Financial scams spoil prospects of retirement security

Respondents to a new survey highlight concerns that they’ll become financially vulnerable in their old age

Financial scams spoil prospects of retirement security

Longer life expectancies may translate into longer expected retirements, but that doesn’t mean people are anticipating their sunset years to be comfortable. With costs of living on the rise and certain retirement-planning pillars not as strong as they have been traditionally, it’s no wonder that more individuals are expecting to join the gig economy and or live with debt as retirees.

As if that weren’t depressing enough, individuals are also accepting the likelihood that they’ll be financially exploited in their old age.

In a new survey of 2,200 American adults commissioned by AIG Life & Retirement, Morning Consult found that 53% thought their ability to live a long, financially secure life will probably be undermined by elder financial abuse. Almost two thirds (65%) said the same thing about a close relative or friend.

Inadequate protections in place
Among respondents who were 65 years old or older, 47% said that they manage their finances entirely by themselves. One fourth (25%) said they invite a family member or a trusted person into conversations about their money, as opposed to just 21% of all adults. While a durable power of attorney could help protect against senior financial abuse, 84% of all adult participants and 66% of seniors either do not have one or are not sure they do.

Read also: Seniors more likely to be scammed by their family than strangers

The study also found a concerning lack of awareness of common financial scams. The majority of senior respondents (65%) said they hadn’t heard of pigeon drop scams, wherein victims are told they could have a share of a large sum of money if they were to provide some payment upfront.

Another 57% did not know about romance scams; the same number didn’t know about invoice scams, which have victims being contacted by someone pretending to collect fees for a utility service or other company.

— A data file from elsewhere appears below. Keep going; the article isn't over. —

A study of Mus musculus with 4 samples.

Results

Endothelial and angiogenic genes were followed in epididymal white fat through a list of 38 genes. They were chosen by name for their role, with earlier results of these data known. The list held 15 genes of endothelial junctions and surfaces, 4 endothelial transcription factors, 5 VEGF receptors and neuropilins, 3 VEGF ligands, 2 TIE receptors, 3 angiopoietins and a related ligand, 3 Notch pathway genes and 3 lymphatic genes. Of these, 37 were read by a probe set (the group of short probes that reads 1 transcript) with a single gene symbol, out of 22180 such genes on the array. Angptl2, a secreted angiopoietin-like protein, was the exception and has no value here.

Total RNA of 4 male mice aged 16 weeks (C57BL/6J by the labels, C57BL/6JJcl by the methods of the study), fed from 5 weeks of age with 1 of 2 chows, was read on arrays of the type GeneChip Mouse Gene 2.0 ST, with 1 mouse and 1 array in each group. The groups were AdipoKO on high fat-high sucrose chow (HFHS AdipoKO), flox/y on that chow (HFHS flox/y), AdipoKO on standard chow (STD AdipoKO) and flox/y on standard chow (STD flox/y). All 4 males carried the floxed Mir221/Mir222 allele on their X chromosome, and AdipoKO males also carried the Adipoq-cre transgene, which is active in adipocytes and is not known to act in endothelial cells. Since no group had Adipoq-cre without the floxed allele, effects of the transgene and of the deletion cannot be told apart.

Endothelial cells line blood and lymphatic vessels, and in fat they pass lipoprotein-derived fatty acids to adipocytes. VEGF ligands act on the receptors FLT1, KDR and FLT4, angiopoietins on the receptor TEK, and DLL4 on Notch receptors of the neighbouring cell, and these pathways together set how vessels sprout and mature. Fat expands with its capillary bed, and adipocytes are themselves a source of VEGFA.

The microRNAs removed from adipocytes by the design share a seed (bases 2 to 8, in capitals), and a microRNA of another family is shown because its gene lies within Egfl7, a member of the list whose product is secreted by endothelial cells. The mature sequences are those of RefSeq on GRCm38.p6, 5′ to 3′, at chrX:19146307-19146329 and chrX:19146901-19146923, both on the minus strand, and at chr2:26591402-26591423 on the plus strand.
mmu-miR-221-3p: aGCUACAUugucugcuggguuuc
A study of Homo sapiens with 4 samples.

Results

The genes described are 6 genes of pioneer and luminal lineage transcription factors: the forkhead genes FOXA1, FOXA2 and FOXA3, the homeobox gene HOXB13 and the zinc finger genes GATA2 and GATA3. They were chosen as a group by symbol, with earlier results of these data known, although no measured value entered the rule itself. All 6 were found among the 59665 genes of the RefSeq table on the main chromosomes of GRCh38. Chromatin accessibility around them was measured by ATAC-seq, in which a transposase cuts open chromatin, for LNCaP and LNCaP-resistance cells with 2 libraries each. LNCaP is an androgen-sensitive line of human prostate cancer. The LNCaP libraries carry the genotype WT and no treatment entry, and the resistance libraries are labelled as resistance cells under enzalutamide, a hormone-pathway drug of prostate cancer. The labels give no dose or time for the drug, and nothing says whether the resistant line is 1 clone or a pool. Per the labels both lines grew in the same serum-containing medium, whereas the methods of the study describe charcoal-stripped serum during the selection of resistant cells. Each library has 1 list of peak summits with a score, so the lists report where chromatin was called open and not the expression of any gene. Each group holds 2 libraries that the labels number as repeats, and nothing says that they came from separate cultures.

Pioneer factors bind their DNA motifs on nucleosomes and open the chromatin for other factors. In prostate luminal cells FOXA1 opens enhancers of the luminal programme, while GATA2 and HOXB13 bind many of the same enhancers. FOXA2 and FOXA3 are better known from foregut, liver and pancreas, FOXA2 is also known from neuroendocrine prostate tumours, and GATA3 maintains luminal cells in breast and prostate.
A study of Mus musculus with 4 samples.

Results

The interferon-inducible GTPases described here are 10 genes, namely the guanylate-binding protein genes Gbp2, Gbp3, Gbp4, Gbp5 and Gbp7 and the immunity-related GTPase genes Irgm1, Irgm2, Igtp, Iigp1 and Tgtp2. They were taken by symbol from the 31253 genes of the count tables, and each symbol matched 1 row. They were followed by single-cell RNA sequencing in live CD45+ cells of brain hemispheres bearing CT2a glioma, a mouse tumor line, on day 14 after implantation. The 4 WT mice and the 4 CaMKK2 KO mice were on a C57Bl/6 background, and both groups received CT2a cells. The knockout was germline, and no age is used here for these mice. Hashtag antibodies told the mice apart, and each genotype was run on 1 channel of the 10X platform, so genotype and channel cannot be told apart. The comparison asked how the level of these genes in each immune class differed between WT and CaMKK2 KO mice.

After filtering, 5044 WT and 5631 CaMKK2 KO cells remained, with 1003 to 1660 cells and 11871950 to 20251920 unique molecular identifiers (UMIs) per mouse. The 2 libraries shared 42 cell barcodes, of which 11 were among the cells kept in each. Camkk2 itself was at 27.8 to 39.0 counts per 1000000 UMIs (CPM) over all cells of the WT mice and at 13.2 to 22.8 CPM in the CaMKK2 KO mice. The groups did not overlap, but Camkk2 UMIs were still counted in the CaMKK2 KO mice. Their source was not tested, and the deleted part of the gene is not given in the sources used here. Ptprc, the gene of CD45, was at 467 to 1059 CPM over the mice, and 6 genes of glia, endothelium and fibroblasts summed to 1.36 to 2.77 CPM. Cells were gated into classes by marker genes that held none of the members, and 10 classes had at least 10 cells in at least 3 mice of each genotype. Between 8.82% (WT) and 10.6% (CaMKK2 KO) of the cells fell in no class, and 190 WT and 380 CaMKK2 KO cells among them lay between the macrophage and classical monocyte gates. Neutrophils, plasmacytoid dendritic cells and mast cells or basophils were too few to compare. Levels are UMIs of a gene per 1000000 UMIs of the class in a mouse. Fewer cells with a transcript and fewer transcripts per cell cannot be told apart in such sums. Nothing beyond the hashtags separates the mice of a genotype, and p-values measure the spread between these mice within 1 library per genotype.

And 52% did not know about prepaid credit card/debit card scams, which involve asking victims to make payments to a utility or other company ostensibly to address a debt.

Getting protected
Seniors and adult Americans generally understood that they need to protect their personal information and wealth. According to the survey, the majority were taking steps such as ignoring unknown requests to provide personal information (92% of seniors, 80% overall); not clicking on links emailed by unknown senders (89% of seniors, 78% overall); reviewing their credit report (65% of seniors, 57% overall); and setting up alerts from their financial institution (63% of seniors, 56% overall).

Working with an advisor also appeared to make people more vigilant. While only 16% of respondents said they had a financial advisor, such respondents were more than twice as likely to have a durable power of attorney, and 90% of them said they involved their spouse or significant other in conversations with their financial professional. In addition, two thirds said they consider their advisor a trusted contact.

The report also noted the importance of getting other parties such as family members, the government, and financial institutions involved in keeping seniors safe from financial exploitation.

“We all want to age with grace, maintain independence for as long as possible, and have the freedom to manage our money accordingly,” said Kevin Hogan, CEO of AIG Life & Retirement. “Longer lives and longer retirements often require a collaborative effort to help seniors protect themselves and ensure their savings can last a lifetime.”